I just saw yet another YouTube clip where some woman got “owned” by a guy using a “Female Delusion Calculator” (of which there are several online).

Here’s the problem with that, and why guys need to be realistic about what the results mean. It’s basic math, and we should be embarrassed to put this nonsense on blast. Plenty of women are plenty delusional… we don’t do ourselves any favors by screwing up 8th grade math.

Assuming that the calculators are based on accurate census data (and I have no reason to doubt their accuracy), the resulting percentage only signifies how common such men are in the population.

Most of the time the question is phrased as what the woman wants rather than what she would accept in the flesh. Even when the question is asked correctly, many women will say that they’re describing their ideal man rather than the men they would actually consider. That vastly skews the results, and we all know that what matters is what women do rather than what they say.

Another problem is that it doesn’t take into consideration how many people the average woman knows.

I’ll use the unmarried version of myself as an example of scarcity: early 60s, 5’7”, no kids, extremely fit, $100,000 per year, homeowner with no debt, white, Christian, post-graduate.

By most measures I’m a HVM in my age group (especially with regard to MMV). When I plug in the unmarried version of myself, I get anywhere from 2-6%, depending on which questions are asked and exactly where I set the upper and lower parameters. So let’s say that around one man in 25 is in the same demographic subset with regard to age, height, race, income, and fitness. That doesn’t mean that a woman who wants a guy with my traits is a “cat lady in waiting” or will soon be buying boxed Chardonnay from Costco.

The average person knows about 600 people at any one time, and half of them are men. That means that the average woman knows about a dozen men who fall into the same demographic category as I do. If she enlists the help of even a handful of friends and relatives, she could easily get access (and introductions) to 20 or more suitable men who have already been pre-screened to some degree. It’s not delusional to think that a woman who works to maximize her own mate value could snag a man whose mate value matches mine (on paper, anyway).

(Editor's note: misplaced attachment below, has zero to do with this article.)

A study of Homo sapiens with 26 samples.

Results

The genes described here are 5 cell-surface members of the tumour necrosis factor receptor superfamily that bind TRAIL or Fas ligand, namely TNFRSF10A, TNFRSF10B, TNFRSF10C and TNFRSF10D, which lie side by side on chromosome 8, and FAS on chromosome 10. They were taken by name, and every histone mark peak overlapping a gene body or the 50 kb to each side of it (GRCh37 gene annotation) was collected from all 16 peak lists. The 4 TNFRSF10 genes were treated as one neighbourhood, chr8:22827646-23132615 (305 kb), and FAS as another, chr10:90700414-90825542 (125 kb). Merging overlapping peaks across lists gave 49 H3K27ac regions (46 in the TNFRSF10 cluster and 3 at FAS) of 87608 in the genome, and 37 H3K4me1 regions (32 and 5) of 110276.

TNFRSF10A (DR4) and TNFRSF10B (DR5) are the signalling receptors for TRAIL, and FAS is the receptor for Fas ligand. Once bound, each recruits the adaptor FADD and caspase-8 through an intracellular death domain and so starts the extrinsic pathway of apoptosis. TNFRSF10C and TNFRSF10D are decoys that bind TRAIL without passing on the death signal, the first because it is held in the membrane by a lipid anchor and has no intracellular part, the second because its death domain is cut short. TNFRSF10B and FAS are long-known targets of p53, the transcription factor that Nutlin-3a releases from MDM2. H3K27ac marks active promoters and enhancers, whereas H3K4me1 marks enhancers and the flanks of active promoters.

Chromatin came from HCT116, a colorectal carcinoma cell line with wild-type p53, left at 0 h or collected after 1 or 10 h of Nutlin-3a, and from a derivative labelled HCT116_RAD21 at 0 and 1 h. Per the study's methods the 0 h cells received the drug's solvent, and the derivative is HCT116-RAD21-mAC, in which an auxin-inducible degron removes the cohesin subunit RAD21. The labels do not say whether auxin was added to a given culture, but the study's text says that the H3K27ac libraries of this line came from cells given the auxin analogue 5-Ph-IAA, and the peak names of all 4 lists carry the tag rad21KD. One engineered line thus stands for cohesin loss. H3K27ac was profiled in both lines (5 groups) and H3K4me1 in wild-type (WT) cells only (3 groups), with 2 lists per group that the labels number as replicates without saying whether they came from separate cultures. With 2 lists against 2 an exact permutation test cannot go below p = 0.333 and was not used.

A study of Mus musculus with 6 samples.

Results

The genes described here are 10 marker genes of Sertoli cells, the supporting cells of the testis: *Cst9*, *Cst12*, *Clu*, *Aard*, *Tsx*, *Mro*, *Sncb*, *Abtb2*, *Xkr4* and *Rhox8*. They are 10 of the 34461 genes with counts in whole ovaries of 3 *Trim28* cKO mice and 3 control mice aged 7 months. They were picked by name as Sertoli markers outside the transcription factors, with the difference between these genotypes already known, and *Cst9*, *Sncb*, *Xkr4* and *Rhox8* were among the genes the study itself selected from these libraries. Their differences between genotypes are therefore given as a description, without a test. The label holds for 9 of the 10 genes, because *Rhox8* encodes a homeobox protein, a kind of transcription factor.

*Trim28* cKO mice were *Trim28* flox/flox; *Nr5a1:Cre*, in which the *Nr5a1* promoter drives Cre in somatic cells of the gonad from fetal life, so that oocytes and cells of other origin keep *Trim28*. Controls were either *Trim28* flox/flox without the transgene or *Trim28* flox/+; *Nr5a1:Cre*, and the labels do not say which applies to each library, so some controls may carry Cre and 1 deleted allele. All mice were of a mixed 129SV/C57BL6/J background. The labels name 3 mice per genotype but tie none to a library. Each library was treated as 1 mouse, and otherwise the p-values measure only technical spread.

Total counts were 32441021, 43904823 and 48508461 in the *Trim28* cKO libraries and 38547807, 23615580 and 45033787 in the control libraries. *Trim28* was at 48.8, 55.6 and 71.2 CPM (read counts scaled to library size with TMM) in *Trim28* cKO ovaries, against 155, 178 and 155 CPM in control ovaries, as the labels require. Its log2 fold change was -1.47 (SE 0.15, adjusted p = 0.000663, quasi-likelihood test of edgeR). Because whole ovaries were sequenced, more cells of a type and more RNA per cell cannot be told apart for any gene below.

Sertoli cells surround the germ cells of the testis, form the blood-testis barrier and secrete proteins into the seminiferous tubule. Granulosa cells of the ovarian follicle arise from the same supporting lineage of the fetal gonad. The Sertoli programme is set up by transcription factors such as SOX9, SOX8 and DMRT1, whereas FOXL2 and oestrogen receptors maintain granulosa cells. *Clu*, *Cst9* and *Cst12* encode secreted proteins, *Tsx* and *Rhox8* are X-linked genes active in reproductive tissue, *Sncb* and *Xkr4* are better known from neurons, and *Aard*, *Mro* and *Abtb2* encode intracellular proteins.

To make it useful, it’s probably better to assume that the woman has access to 500 men (guys she knows and guys she could meet through her network with minimal effort), and get a number of men based on the calculated percentage.

If 2% of men meet her criteria, she has access to 10 such men. That doesn’t mean that she has to be a “Top 2%” woman, either, because many of her competitors are looking in different age categories. Since I’m in my early 60s, there aren’t many women in their 20s looking for the unmarried version of me, but I suspect I could get more than a couple of takers among women in their 40s, and nearly all the single women in their 50s and beyond. (Not that I would be looking in that category much.)

A clever 40-year-old woman would have an excellent chance for the simple reason that she wouldn’t be competing against younger women, while a 70-year-old woman with the same parameters would have better odds winning the lottery.

Delusion comes into play when women want men who are near the top of multiple categories: income is usually inversely proportional to age, for example. It also appears when women who have low mate value demand men with much higher mate value, which is usually the result of women having their egos constantly fluffed. Nobody is going to tell a fat nerdy guy with no game that he deserves a supermodel, yet people will tell an obese baby-mamma with maxed out credit cards that she deserves a 6/6/6/6/6/6 man.